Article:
Officials: Still time to fight ash borer
By the numbers
According to estimates by the Janesville Shade Tree Advisory Committee in 2009:
Number of street-side ash trees in Janesville
Cost to remove and replace street-side ash trees
Number of trees of all species growing along Janesville streets
Annual energy savings that street trees provide to residents
Number of ash trees on all properties citywide
JANESVILLE The Janesville City Council was warned in 2009.
It was urged in 2010 to get ready for the inevitable arrival of a pest that could wipe out every ash tree in the city.
Now, the emerald ash borer is here.
There's no known way to stop the spread of this invasive species, so the council can't be faulted for its arrival.
Budget constraints were among the reasons the city hasn't done much to prepare for the arrival, City Manager Eric Levitt said Wednesday.
The good news is that the invasion of the ash tree-killers is likely to move slowly, giving city officials time to prepare.
"It's unlike a flood. A flood happens, and you have to respond immediately," Levitt said Wednesday, about 24 hours after the announcement that an infestation was confirmed in a tree on the city's east side.
City officials met with DNR experts Wednesday to discuss options. Staff will make recommendations in mid-to-late July, Levitt said.
"This is going be a five-plus year issue, so we're not going to give a 24-hour solution to something we have to address in a very systematic way," Levitt said.
In the meantime, city staff members are looking for more signs of the ash borers, and the city is warning the public to take precautions, including avoiding moving firewood, which is one way the insects are transported.
"We don't know if this is in a fairly small area of Janesville at this point or how big an area is impacted," Levitt said.
Residents with concerns should contact a tree service that has the services of an arborist certified by the International Society of Arboriculture, the city said in a news release.
Certification by the Wisconsin Arborists Association is also good, said Chris Ranum of the local LP Tree Service.
Janesville needs to revise an ordinance that was written for a major tree killer of the 1970s, Dutch elm disease, Levitt said. It also needs to consider budgeting for removal and replacement of lost trees.
Dead trees, along streets especially, are hazards.
Janesville has no city forester, but some workers have "arborist-type training," and more training is needed, Levitt said.
Beloit has a city forester, an ordinance dealing with ash borer infestations and plans for disposing of infested wood, said Beloit city forestry supervisor Mike Ferger.
Ferger said Beloit will examine its plans and revise them, now that ash borers are in nearby Janesville.
Ferger said he'll likely ask for more funding to replace dead trees.
"It's going to eradicate our ash trees," Ferger said.
"It's not going to wipe us out overnight," Ferger said. "It's going to take time, much like the Dutch elm disease. It's here. Now we're going to have to deal with it."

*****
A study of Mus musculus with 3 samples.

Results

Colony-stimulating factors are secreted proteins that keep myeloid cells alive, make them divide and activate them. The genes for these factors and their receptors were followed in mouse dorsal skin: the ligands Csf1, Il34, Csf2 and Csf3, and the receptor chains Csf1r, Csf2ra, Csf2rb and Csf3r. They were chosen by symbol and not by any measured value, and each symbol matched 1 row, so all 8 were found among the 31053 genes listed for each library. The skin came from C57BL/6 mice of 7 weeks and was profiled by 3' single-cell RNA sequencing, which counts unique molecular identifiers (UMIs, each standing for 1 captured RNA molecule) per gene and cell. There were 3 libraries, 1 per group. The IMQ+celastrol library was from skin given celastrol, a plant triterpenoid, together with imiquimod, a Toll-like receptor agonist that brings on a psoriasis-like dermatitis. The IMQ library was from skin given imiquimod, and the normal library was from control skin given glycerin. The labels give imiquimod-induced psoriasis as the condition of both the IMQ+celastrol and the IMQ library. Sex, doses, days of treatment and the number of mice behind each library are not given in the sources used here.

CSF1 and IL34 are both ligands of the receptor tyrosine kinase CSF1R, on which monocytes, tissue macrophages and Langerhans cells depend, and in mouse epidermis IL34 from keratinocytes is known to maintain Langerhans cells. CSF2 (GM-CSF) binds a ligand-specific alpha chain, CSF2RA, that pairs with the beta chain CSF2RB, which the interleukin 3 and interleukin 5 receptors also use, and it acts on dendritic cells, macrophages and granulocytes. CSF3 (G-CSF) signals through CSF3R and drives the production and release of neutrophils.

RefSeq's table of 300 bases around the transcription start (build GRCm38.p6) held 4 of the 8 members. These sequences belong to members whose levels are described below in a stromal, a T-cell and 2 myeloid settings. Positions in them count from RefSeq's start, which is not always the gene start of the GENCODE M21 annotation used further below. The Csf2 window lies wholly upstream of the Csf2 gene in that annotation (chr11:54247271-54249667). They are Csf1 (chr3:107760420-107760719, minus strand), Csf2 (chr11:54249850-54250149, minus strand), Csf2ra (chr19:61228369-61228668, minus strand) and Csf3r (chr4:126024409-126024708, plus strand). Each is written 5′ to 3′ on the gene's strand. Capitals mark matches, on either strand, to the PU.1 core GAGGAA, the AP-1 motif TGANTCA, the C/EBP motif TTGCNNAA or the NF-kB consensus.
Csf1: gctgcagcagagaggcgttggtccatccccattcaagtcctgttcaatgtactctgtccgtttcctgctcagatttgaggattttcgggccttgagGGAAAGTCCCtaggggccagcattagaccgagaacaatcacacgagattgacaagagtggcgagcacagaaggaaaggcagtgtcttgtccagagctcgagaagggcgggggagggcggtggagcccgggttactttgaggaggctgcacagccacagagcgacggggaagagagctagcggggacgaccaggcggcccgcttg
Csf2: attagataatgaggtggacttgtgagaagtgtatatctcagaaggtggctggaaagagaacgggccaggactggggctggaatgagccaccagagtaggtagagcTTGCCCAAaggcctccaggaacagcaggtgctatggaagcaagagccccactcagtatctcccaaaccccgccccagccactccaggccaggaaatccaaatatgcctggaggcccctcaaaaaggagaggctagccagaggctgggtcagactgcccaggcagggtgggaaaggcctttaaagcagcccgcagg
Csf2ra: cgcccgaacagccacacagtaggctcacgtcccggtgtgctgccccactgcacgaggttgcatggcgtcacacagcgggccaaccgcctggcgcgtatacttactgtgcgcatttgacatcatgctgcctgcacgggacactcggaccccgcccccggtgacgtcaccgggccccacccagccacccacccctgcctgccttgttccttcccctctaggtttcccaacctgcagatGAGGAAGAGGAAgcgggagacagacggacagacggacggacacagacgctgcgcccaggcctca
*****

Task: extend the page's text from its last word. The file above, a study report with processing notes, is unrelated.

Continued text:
Signs of emerald ash borers have been discovered in recent weeks in three locations just to the east—Lake Geneva, Fontana and southwest of Lake Geneva near the state line.
Wisconsin's first infestations were discovered in 2008. They now include 12 counties: Brown, Crawford, Kenosha, La Crosse, Milwaukee, Ozaukee, Racine, Rock, Vernon, Walworth, Washington and Waukesha.
Levitt said his administration did not recommend council action when the Janesville Shade Tree Advisory Committee presented an action plan to the council in 2010. It was more in the nature of a report.
The committee also presented a report in 2009 that warned of the danger, and the DNR has maintained a checklist to help municipalities prepare.
Levitt said he tried to budget for planting of more diverse tree species, but lack of money doomed that idea.
Experiences of other communities have shown that some of the actions recommended just a few years ago were not effective, while others still can be effective if the city starts now, Levitt said. He had not delved into the details and could not give any examples.
Dick Rideout, urban forestry coordinator for the DNR, said the loss of urban ash trees is an opportunity for cities to replace them with many kinds of trees, which is recommended to guard against large-scale losses when a pest attacks a particular species.
The temptation is to go cheap and buy just a couple of different species, Rideout said.
"We're going to lose a lot of trees, and what we do next is going to seal the fate for the next generation," Rideout said.
Rideout noted that trees reduce air conditioning costs, absorb water that would otherwise run into sewers or cause flooding, absorb air pollutants and increase property values.
A study in Michigan found that residents greatly increased use of municipal water for lawns and gardens after they lost their ash trees, Rideout said.
Rideout warns that if officials don't take necessary steps, urban forests will remain at risk. Already, another invasive species, the Asian longhorn beetle, is nearby in Illinois. These beetles love maple trees and can kill them.
More than half of Janesville's streetside trees are maples.